Despite their sometimes-staggering prices—or maybe because of them—there are more premium large cars on the market than large cars. High prices usually translate into higher profit margins, which is why companies can subsist on relatively low sales volumes.

Cars in this segment range in base price from just over $41,000 (the Genesis G80) to around the $200,000 mark (top-line versions of the Mercedes-Benz S-Class). That’s quite a big spread, but the high end of the scale offers some very opulent large cars with tremendous capabilities and an air of exclusivity. Note that we classify cars where the least-expensive model starts well north of $100,000 as “exotics,” which aren’t included here.


Hyundai jumps into the luxury-vehicle game in earnest for 2017 by launching a new high-end brand named Genesis. The inaugural Genesis sedans—the G80 and G90—both fit into our premium large car category. The G80 is essentially a rebadged, better-equipped version of the existing Hyundai Genesis sedan. The larger G90 is a redesigned flagship model that takes over the Hyundai Equus’s position in size, price, and luxury features. With the launch of the Genesis brand, both the Hyundai Genesis and Equus are discontinued.

Lincoln revives its Continental name on a new 400-hp twin-turbo V6-powered sedan that’s based on a stretched version of the Ford Fusion’s front-wheel-drive platform. The Continental essentially takes the place of the discontinued-for- 2017 MKS in Lincoln’s lineup. The Porsche Panamera is redesigned on an all-new platform with fresh styling, a raft of high-tech new features, and two new turbocharged engines: a 440-hp 2.9-liter V6 and a 550-hp 4.0-liter V8.

After its redesign last year, the BMW 7-Series gains an all-wheel-drive version of the 740i, the revival of the specially tuned and trimmed Alpina B7 model, and a 740e xDrive plug-in-hybrid. The Cadillac CT6, which debuted for 2016, is also slated to get a plug-in- hybrid variant this year. The Mercedes-Benz S-Class line’s updates include a 2-door convertible body style, a Maybach S550 4MATIC model, and a “Magic Sky Control” panoramic sunroof that can turn opaque at the touch of a button. Information on the 2017 Jaguar XJ and Kia K900 was unavailable as of this writing, but we don’t expect any major changes. The rest of the class is either unchanged or sees minor updates such as revised infotainment systems or updated trim.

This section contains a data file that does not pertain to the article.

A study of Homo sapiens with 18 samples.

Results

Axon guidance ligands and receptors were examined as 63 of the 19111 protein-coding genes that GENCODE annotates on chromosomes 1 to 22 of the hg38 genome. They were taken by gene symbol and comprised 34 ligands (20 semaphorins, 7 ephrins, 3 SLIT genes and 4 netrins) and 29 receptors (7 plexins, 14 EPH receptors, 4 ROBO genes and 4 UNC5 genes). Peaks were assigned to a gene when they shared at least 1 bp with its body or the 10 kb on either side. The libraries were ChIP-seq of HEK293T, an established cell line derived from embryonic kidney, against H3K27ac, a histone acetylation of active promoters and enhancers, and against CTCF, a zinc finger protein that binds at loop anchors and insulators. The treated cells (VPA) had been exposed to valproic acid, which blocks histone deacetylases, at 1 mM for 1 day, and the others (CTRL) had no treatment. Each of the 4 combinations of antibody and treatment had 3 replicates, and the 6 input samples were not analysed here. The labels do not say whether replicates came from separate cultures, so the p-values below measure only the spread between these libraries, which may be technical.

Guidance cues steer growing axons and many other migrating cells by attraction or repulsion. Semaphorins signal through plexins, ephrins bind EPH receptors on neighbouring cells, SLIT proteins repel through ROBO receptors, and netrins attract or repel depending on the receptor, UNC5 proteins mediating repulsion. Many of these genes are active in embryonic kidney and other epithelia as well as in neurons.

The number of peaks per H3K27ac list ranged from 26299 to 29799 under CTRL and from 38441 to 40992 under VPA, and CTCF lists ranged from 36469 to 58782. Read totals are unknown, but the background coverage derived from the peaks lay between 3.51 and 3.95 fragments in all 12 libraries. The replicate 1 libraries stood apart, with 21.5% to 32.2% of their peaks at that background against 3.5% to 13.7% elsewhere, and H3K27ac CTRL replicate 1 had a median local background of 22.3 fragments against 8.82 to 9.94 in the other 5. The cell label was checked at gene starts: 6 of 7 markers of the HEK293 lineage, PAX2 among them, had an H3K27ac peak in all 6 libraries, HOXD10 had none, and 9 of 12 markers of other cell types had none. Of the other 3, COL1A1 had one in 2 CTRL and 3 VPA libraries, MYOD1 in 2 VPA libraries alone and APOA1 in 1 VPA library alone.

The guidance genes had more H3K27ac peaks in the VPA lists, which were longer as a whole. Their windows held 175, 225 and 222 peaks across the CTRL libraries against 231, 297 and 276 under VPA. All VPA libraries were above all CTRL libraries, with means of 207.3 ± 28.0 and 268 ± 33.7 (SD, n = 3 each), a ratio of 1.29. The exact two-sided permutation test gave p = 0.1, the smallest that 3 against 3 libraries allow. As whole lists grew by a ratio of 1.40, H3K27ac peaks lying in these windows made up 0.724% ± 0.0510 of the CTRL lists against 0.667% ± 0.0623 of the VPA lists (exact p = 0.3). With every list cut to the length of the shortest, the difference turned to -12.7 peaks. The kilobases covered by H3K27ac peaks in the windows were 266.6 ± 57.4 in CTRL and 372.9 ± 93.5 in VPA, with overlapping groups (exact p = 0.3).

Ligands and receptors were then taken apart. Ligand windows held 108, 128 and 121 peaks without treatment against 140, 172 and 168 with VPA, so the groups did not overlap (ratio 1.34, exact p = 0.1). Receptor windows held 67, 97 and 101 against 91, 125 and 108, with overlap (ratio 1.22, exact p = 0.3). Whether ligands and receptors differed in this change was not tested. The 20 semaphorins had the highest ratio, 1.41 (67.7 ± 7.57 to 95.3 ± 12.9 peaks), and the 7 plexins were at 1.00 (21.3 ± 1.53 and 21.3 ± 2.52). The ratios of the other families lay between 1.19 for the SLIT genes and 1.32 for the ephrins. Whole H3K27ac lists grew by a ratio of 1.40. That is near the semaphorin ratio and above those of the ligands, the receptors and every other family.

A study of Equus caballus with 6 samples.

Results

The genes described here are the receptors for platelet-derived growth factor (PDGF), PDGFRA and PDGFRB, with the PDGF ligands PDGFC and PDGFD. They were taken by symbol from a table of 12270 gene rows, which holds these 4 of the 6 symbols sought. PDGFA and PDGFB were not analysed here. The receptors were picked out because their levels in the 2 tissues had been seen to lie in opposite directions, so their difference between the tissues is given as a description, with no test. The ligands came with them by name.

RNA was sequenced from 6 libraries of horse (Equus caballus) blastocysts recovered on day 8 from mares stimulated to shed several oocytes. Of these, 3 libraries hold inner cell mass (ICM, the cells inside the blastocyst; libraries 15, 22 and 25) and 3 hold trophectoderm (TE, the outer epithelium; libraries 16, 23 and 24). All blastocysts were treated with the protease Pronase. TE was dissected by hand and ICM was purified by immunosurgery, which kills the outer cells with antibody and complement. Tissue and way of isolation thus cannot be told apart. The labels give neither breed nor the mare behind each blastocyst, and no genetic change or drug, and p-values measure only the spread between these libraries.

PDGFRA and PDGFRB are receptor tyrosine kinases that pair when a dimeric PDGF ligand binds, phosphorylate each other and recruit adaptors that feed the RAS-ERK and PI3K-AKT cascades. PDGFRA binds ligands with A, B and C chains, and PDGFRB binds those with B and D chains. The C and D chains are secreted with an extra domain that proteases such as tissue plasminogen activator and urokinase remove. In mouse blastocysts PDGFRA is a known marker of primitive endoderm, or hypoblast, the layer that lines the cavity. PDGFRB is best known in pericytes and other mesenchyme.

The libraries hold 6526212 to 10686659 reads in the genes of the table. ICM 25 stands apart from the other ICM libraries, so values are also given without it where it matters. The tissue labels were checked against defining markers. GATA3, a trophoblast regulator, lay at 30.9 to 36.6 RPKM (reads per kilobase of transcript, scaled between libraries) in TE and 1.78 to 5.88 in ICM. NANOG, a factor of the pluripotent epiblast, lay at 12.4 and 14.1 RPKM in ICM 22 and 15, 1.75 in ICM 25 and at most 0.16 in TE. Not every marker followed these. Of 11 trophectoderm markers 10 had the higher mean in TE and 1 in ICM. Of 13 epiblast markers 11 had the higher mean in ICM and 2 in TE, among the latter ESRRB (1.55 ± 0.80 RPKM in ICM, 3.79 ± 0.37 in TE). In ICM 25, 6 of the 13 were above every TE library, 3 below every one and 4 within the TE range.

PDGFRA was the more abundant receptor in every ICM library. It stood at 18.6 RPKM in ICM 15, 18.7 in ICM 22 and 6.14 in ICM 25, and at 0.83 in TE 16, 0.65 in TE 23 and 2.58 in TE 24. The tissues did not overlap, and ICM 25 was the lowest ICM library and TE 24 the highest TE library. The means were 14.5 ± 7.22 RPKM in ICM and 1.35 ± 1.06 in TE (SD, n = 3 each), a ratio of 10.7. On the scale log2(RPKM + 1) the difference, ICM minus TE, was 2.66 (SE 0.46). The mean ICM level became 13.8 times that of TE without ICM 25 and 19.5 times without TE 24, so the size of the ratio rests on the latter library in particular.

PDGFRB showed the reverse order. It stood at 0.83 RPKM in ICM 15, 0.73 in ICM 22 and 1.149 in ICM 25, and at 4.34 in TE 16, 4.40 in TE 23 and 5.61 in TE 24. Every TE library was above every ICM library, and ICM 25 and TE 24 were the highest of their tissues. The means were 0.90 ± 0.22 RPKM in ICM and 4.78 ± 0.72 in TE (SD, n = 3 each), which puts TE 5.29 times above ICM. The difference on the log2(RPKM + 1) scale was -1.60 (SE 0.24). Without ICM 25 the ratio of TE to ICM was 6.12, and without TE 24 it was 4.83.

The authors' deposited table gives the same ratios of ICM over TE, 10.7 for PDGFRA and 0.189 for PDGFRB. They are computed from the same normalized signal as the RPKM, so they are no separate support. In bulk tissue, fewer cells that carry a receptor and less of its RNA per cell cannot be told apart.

There are four hybrids offered in the premium large class: the new BMW 740e xDrive plug-in hybrid, the forthcoming Cadillac CT6 plug-in hybrid, the Lexus LS 600h, and the Mercedes-Benz S550 Plug-In Hybrid.

At the opposite end of the range are the performance models. Most of the cars in this class offer a V8, but some go above and beyond with something special. Audi’s S8 offers a 605-horsepower twin-turbo 4.0-liter V8. The BMW Alpina B7 has a 600-hp twin-turbo 4.4-liter V8. Jaguar’s XJ is offered in an XJR model with a 550-hp 5.0-liter supercharged V8. The Mercedes-Benz S65 AMG packs a 621-hp 6.0-liter V12. The new Porsche Panamera can be had with a 550-hp 4.0-liter turbocharged V8. In terms of body styles, there are only two that vary from the 4-door-sedan norm. The Mercedes-Benz S-Class offers a 2-door coupe and convertible, and the Porsche Panamera is a 4-door hatchback. Same goes for drive wheels. Rear-wheel drive is the norm, and most of those cars are also available with all-wheel drive, which is standard on the Audi A8. The only front-drive cars are the Cadillac XTS and Lincoln Continental, which are also offered with all-wheel drive.